Ethiopia returning refugees who fled fighting in Tigray

NAIROBI, Kenya (AP) — Thousands of refugees fled camps in Ethiopia’s Tigray region as war swept through, food ran out and colleagues were reportedly attacked. But Ethiopia’s government said Friday it’s returning the “misinformed” refugees back to their camps near Eritrea, the country they originally fled.

In a statement asserting that the fighting in Tigray is over, Ethiopia’s government said its military offensive against the now-fugitive regional government “was not a direct threat” to the 96,000 refugees — even as international aid groups said four of their staffers had been killed, at least one in a refugee camp there.

Ethiopia’s announcement comes days after the United Nations refugee chief said the reported targeting of Eritrean refugees, if confirmed, “would be major violations of international norms.” Ethiopia has denied the involvement of Eritrean troops in the conflict, but Tigray residents who fled into Sudan have asserted that gunfire came from the direction of Eritrea as the conflict began.

Aid groups say thousands of the Eritrean refugees have fled to Ethiopia’s capital, Addis Ababa, and the Tigray capital, Mekele. Ethiopia’s government said their “unregulated movement” makes it difficult to ensure their security and provide them with aid.

Their camps are now stable and under Ethiopia’s “full control,” the statement said, adding that “transportation of food to the camps is under way.”

But communications and transport links to the Tigray region remain so challenging that the International Rescue Committee said Friday it was still trying to confirm the details around the killing of an employee in the Hitsats refugee camp in Shire town, the base of humanitarian operations for the refugee camps.

Separately, the Danish Refugee Council said three staffers who worked as guards at a project site were killed last month.

“Sadly, due to the lack of communications and ongoing insecurity in the region, it has not yet been possible to reach their families,” it said. It was not clear where they were killed, but the aid group also supports the Eritrean refugees.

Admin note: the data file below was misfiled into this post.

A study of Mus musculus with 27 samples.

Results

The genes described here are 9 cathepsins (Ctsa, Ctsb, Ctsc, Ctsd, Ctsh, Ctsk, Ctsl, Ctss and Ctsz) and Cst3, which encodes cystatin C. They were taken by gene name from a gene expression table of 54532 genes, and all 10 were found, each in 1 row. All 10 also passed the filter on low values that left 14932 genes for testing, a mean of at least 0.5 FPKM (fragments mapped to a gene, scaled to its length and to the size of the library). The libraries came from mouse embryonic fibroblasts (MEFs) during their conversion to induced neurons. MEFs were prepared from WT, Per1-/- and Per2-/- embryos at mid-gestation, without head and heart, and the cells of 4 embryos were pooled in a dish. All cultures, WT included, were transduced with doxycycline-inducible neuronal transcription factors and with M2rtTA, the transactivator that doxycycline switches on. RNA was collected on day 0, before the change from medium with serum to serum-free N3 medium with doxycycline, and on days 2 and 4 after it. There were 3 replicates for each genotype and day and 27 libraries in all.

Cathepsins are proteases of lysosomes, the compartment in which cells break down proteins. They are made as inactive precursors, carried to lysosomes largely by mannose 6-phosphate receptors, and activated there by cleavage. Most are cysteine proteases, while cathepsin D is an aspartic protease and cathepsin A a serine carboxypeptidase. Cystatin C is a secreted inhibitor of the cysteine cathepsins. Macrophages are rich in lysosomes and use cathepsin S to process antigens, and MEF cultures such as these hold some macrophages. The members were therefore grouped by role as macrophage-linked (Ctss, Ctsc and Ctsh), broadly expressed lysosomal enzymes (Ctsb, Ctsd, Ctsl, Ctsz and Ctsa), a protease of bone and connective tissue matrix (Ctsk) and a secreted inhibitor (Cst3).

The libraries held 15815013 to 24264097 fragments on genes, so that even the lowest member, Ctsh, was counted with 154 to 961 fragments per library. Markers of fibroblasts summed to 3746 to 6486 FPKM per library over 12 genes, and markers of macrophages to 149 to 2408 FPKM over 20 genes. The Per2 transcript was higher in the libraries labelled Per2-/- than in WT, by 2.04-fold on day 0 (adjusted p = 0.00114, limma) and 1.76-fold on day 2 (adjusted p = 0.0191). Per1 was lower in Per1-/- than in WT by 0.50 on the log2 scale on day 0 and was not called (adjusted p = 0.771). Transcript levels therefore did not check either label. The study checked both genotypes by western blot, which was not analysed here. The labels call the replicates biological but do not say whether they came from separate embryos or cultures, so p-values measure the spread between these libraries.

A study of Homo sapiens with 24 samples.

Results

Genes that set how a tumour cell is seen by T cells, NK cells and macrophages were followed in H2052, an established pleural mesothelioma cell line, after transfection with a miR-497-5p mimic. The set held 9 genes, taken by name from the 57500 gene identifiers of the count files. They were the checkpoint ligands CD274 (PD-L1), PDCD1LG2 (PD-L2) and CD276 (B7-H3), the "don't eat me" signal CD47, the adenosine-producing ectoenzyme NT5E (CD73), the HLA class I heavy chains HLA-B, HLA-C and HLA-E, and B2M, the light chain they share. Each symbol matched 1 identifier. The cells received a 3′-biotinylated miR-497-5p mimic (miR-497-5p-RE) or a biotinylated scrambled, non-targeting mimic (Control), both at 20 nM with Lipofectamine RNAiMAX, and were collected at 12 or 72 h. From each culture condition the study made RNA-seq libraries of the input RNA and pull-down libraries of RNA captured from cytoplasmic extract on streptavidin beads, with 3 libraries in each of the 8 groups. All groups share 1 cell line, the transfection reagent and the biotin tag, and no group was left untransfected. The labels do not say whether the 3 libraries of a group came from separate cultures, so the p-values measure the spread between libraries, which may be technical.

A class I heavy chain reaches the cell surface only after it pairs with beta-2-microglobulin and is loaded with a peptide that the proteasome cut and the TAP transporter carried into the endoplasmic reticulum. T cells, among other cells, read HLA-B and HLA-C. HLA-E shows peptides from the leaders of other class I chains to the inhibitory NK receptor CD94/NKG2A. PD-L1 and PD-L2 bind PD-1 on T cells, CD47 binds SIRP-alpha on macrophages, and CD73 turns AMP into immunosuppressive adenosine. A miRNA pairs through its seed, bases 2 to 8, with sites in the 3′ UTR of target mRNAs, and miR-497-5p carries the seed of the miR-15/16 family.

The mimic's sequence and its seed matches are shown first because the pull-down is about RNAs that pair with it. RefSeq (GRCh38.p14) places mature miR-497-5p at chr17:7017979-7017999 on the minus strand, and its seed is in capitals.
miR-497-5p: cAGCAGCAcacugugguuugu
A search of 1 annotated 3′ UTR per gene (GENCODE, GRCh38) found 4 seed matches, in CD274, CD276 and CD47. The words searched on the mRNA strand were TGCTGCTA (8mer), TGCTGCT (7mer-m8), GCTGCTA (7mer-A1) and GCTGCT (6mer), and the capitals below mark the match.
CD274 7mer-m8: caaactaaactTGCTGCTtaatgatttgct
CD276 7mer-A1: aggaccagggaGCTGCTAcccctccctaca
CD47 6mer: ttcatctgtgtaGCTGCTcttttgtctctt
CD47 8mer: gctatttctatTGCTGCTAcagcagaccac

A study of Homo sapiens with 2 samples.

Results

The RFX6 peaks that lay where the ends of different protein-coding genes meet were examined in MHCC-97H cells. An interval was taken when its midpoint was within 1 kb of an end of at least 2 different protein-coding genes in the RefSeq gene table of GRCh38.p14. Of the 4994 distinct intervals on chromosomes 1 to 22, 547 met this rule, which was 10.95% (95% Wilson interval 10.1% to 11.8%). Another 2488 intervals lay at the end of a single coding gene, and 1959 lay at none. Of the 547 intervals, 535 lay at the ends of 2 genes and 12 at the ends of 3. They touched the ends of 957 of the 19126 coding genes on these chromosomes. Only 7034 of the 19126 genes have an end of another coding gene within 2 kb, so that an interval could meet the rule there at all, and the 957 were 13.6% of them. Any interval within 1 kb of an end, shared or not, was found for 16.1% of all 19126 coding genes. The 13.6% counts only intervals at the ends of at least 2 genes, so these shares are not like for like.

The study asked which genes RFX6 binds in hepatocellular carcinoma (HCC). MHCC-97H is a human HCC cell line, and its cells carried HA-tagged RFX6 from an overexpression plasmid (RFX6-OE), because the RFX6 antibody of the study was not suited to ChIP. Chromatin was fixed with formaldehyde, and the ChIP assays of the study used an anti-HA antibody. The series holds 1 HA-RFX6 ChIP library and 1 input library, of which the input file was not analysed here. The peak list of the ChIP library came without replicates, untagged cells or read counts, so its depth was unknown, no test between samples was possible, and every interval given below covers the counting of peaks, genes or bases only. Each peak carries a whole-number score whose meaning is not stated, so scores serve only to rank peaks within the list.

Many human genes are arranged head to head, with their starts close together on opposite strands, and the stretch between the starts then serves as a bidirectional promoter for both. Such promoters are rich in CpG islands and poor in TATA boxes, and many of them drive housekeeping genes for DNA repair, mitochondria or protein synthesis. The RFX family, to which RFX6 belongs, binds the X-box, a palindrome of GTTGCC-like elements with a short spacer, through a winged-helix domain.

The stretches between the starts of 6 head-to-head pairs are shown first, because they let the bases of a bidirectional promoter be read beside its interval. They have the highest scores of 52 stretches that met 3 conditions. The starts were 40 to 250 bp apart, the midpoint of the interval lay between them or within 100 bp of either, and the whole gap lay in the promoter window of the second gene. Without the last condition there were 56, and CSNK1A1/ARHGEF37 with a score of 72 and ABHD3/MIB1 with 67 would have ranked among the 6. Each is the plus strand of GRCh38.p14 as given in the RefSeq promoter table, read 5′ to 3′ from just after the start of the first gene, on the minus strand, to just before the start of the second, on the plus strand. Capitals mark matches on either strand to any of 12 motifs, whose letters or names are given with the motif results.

The refugee camps “have had no access to services and supplies for more than a month,” the U.N. refugee agency told reporters on Friday.

“Now, more than ever, it is a matter of urgency to cease all hostilities,” the European Union’s commissioner for crisis management, Janez Lenarcic, said while condemning the killings.

Frustration remains among the United Nations and other humanitarian organizations as the Tigray region remains largely sealed off from the outside world five weeks after fighting erupted between Ethiopia’s government and the Tigray one following a months-long power struggle.

Ethiopia’s government has made clear it intends to manage the process of delivering aid to Tigray, and it has rejected “interference” as fighting is reported to be continuing despite its declaration of victory. On Friday, Ethiopia it said it had begun delivering aid to areas in Tigray under its control, including Shire and the Tigray capital, a city of a half-million people.

“Suggestions that humanitarian assistance is impeded due to active military combat in several cities and surrounding areas within the Tigray region is untrue and undermines the critical work undertaken by the National Defense Forces to stabilize the region,” Ethiopian Prime Minister Abiy Ahmed’s office said, adding that sporadic gunfire should “not be misconstrued as active conflict.”

The Ethiopian and Tigray governments each regard the other as illegitimate, the result of months of growing friction since Abiy took office in 2018 and sidelined the once-dominant Tigray People’s Liberation Front. Thousands of people are thought to have been killed in the fighting, which began Nov. 4 and has threatened to destabilize the Horn of Africa. Some 6 million people live in Tigray, and about 1 million are now thought to be displaced.

The impact on civilians has been “appalling,” the U.N. human rights chief said this week.

“We have hundreds of colleagues on the ground and urgently call on all parties to the conflict to protect all civilians in Tigray,” U.N. humanitarian spokesman Saviano Abreu tweeted after the deaths of aid workers were announced.

Supply-laden trucks have waited for weeks at Tigray’s border. Ethiopia’s government says it is responsible for ensuring the security of humanitarian efforts — though the conflict and related ethnic tensions have left many ethnic Tigrayans wary of government forces.

The U.N. has stressed the need for neutral, unfettered access to the region.

“Food rations for displaced people in Tigray have run out,” the U.N. humanitarian office tweeted. “We reiterate our urgent call for unconditional and safe humanitarian access to the affected regions.”

This week, Ethiopia’s government said its forces shot at and briefly detained U.N. staffers conducting their first security assessment in Tigray, a crucial step in delivering aid. Ethiopia said the staffers had broken through checkpoints in an attempt to go where they were not allowed.

Meanwhile, nearly 50,000 Ethiopians have fled to Sudan as refugees and now live in strained conditions in a remote region with few resources.

“The recent groups coming from areas deeper inside Tigray are arriving weak and exhausted, some reporting they spent two weeks on the run inside Ethiopia as they made their way to the border,” U.N. refugee spokesman Babar Baloch said Friday. “They have told us harrowing accounts of being stopped by armed groups and robbed of their possessions. Many have spent time hiding in fields and bushes to avoid being spotted.”

Without access in Ethiopia, he said, “we are unable to verify these disturbing reports.”